Farmersville, TX


A documented account of Case No. TX_03, occurring in Farmersville, TX, 75442 from May 2015 to December 2018

Creator

Snehitha Vardhineni

Year

2015

Proposed Project

Cemetery developed on land not owned by IACC, but owner approves of development. The cemetery was to include restrooms, a pavilion, a maintenance building, and approximately 11,000 burial sites.

Outcome

Denied at first, but approved after three years in December 2018. The cemetery is currently being built in Farmersville, TX

Narrative

Background

Farmersville is a rural Texas city in Collin County with an estimated population of 3,500 people. The Islamic Association of Collin County (IACC) proposed to build a cemetery in Farmersville in May 2015 for multiple reasons: IACC was running out of space to bury their members at Restland Cemetery in Dallas. Most cities other than Farmersville in Collin County such as McKinney, Allen, Blue Ridge, and Anna either did not have adequate space or had certain restrictions against building cemeteries (Veigel 2015).

Details about the proposed project

The IACC proposed to build a cemetery at the intersection of U.S. 380 and County Road 557 (Yeomans, 2018). The property was to include restrooms, a pavilion, a maintenance building, and 11,000 burial sites (Light, 2018) . When IACC proposed the construction of a cemetery to the City of Farmersville, the Planning and Zoning Commission had a special session on May 28, 2015. The City’s engineering firm reviewed the plan and recommended its approval with the “exception that all items per the engineering letter be confirmed complete and pending inclusion of any comments from the City Engineer” (“Farmersville Planning & Zoning Commission Special Session Minutes”, 2015)

Details about the conflict

As the public found out about the construction of a cemetery by an Islamic association being positively received by the local government, people began to protest the plans. At a town hall meeting on July 6, 2015, some residents of Farmersville and some people who lived outside the city limits indicated concerns about the city becoming a “Muslim dumping ground” (Veigel, 2015). The area already had a Mormon church and a Buddhist center, but large amounts of people showed up to protest the IACC’s plans. This could be due to the “anti-Muslim distrust” among people after a deadly shooting carried out by two Muslim men in Garland, TX, a city approximately 25 miles away from Farmersville (Associated Press in Dallas, 2015). While some local members of the Christian community such as David J. Meeks, the pastor of the Bethlehem Baptist Church, outwardly spoke about their concerns regarding this project, others such as Bart Barber, the pastor of the First Baptist Church in Farmersville, supported IACC by saying “The rights of conscience are inalienable, and religious conscience is among those inalienable rights – and that includes Muslims. If I can build a church, Muslims can build a mosque” (Holley, 2015). At one point, city officials reported receiving death threats and threats to their livelihood.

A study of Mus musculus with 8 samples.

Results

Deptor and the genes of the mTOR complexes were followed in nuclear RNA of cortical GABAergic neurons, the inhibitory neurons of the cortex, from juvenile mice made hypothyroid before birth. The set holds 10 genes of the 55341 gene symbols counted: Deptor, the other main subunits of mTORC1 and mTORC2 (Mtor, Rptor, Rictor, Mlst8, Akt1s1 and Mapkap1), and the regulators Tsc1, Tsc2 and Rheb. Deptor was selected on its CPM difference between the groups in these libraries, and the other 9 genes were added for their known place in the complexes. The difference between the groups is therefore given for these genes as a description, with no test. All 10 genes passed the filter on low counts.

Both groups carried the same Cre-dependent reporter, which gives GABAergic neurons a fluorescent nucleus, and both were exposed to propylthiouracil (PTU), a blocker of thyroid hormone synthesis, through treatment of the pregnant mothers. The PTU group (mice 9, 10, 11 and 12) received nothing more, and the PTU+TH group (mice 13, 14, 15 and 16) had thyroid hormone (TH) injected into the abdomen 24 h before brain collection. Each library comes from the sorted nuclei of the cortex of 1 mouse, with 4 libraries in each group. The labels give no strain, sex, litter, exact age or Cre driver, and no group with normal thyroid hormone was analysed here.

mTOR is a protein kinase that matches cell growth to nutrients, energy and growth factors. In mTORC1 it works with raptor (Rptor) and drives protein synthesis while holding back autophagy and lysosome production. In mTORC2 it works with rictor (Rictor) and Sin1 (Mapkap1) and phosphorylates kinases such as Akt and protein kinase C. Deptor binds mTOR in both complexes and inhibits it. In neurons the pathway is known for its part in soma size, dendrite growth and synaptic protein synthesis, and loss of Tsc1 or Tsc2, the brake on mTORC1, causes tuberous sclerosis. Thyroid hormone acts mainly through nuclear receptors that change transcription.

Thoughts of the Muslim community

Abdur-Rashid, a full-time employee of IACC, said that one of the main goals of the association is to inform people about what Islam is and is not in the United States (Veigel, 2015). He also said that the comments people made about the case were “quite hurtful and very full of hate” (ibid.). Abdur-Rashid discussed how the 22,000 Muslims in Collin County, spread over the five IACC centers (two in Plano, one in Allen, one in McKinney, one in Frisco), need a place within the county to bury their dead. Abdur-Rashid was willing to clear out the air between the residents of Farmersville and the Muslim community in order to help get the proposal approved.

Outcome

IACC’s proposal to build the cemetery in Farmersville was denied in July 2017. In September 2017, the United States opened an investigation to inspect the reasons behind the city’s decisions to deny the proposal. After investigating for more than a year, the United States concluded that the City of Farmersville violated the Religious Land Use and Institutionalized Persons Act of 2000 (RLUIPA) in August 2018. The Justice Department planned to file suit but gave the City of Farmersville a chance to negotiate with IACC. Within a month, the City and IACC came to the agreement to approve the proposal to build the cemetery. In December 2018, The City of Farmersville approved IACC’s application to develop the land as a cemetery (Department of Justice, 2019).

Last Updated

November 4, 2019

Collection

Citation

Snehitha Vardhineni, “Farmersville, TX,” U.S. Mosque Controversies, accessed January 20, 2022, https://usmc.ecdsomeka.org/items/show/21.